Open banking turns fintech into lifestyle tech
Last editedMay 20232 min read
In this guest blog, Nude’s CMO Yoann Pavy discusses how open banking is helping Nude's customers meet their financial goals (without having to give up avocado on toast).
For most of us, managing our finances is a daunting task. But the pressure really ramps up when a major life goal is involved, which for many young people in the UK means getting on the property ladder.
Nude is a savings app for first-time home buyers. Our mission is to get people into their own homes as quickly as possible. And to do so without any of the broad-brush, condescending “advice” that has entered the conversation in recent years, such as swapping avocado on toast for beans on toast, or giving up the Netflix subscription.
Instead, we provide customers with savings strategies that reflect who they are and what their priorities are. And we can do this thanks to the way open banking has enabled us to build a product that is as much a lifestyle app as it is a financial service.
Netflix never stopped anyone owning a home
Of course, it’s not that economising isn’t important when saving. But someone’s lifestyle is their choice. What might make sense for some people to cut back on could be unthinkable for others.
Not to mention that just cancelling Netflix is not going to get anyone a house.
So Nude uses open banking data to provide customers with digestible insights into how they really spend their money. We then use that information to suggest a range of personalised challenges to help them save more, and we help them visualise the outcomes of those choices by estimating the time it’ll take them to move into their new house.
In this way, we’re offering tools to manage their lifestyle and hit their goals, while showing people they can still do the things that matter most to them. We’re not interested in forcing people down arbitrary, one-size-fits-all savings plans.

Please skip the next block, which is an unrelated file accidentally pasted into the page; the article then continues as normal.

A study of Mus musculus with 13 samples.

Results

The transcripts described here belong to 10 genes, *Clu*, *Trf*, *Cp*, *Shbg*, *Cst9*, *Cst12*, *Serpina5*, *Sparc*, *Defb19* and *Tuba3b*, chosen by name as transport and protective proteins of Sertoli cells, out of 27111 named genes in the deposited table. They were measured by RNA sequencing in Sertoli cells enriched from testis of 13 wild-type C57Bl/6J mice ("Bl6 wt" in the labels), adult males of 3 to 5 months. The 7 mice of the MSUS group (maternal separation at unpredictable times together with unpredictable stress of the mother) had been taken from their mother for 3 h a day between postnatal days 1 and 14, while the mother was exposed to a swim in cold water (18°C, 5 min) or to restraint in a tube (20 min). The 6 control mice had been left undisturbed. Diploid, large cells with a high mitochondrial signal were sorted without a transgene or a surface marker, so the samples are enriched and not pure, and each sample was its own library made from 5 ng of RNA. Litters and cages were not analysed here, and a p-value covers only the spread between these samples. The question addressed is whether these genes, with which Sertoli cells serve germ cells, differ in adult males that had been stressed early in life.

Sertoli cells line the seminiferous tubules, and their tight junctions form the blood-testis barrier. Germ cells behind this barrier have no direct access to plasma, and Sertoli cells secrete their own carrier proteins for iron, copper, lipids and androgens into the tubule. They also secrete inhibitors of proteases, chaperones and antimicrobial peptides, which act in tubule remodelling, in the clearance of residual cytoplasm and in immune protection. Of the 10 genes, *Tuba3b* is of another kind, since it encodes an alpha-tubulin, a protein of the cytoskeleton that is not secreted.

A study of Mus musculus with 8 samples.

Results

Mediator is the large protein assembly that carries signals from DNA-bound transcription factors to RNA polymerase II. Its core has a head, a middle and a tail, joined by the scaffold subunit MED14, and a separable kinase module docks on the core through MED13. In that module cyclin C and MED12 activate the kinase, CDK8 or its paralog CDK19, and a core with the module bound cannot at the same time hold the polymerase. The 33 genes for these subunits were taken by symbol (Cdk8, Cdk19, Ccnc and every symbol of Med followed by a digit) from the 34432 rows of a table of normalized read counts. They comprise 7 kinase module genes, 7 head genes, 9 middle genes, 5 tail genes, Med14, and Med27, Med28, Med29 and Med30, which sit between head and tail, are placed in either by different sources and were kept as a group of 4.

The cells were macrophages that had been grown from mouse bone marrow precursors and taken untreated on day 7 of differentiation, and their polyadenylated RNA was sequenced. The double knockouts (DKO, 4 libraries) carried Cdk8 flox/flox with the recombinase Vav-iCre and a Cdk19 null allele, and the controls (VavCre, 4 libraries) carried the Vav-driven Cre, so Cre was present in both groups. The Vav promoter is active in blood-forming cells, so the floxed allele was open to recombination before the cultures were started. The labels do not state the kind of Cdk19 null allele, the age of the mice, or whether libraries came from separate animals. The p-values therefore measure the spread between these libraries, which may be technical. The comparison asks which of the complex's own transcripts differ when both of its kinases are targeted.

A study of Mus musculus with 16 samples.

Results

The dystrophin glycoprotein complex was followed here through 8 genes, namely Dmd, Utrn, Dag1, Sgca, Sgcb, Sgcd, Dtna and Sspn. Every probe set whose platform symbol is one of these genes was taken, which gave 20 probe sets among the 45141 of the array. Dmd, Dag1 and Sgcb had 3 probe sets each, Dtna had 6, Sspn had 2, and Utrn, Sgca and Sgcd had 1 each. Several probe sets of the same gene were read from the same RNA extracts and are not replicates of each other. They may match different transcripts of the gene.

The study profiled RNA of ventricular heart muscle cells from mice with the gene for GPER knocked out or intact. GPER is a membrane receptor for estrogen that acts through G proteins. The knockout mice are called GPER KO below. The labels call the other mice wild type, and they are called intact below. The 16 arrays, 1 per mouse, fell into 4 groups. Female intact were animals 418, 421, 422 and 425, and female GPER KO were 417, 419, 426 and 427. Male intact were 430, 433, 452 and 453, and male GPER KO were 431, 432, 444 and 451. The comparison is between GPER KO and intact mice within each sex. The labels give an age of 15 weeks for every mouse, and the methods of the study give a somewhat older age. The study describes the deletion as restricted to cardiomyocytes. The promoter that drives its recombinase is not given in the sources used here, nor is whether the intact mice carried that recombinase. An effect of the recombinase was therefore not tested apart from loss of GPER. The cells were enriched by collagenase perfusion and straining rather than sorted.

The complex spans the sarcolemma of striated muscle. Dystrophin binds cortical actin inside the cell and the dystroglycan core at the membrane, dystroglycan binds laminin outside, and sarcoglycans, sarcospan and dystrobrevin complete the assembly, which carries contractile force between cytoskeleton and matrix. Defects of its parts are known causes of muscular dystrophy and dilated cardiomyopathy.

Outcomes not outgoings
“Explore” and “Ideas” are the two key features of our product that allow us to achieve this.
With Explore, we use open banking transaction data to look at someone's income and spending behaviour, which drives the personalised reports I mentioned. Those insights then drive Ideas, which show where they could make savings and what impact those choices would have on their financial goals.
Right now there are three Ideas categories: takeaways, shopping and travel. But open banking data is so rich that there's huge potential to be as bespoke as we want. It’s not hard to imagine one day having, say, 50 categories to help people save for anything from weddings and holidays, or even for a new baby.
By putting real-life outcomes front and centre, and measuring them through time rather than money, we can help customers feel more connected to their goals and more invested in – and motivated for – the journey to reach them.
VRPs: the next frontier of open banking
We also encourage people to not only think about saving as making changes to their lifestyle. Contributions can also make a very personal and rewarding gift. Gift Time is a newer open banking-enabled feature that allows our customers to provide a link to friends and families, through which they can make a contribution to their savings pot. And the gift giver can also see how much time their contribution will shave off of their friend or loved one’s target.
But there are new open banking developments in the pipeline around Variable Recurring Payments (VRPs) that I am even more excited about, because they’ll enable us to further personalise the experience for our customers.
VRPs will allow us to take recurring payments from customers within agreed parameters. The cool thing about that is we'd be able to then automate recommendations when customers’ transaction data indicates they could save more or less, ensuring we stay ultra-responsive to their situation. This would be perfect for when people experience major changes in their circumstances or for those who have variable incomes.
VRPs are the next frontier of open banking, where automation meets flexibility. I believe they’re something we’ll implement as soon as possible, replacing the static Direct Debit system with something much faster and much more flexible.
Transcending financial services
The future of finance is underpinned by transparency and flexibility. With open banking, it’s possible to help people build a lifestyle that enables them to meet their financial goals on their terms, rather than financial management determining their lifestyle.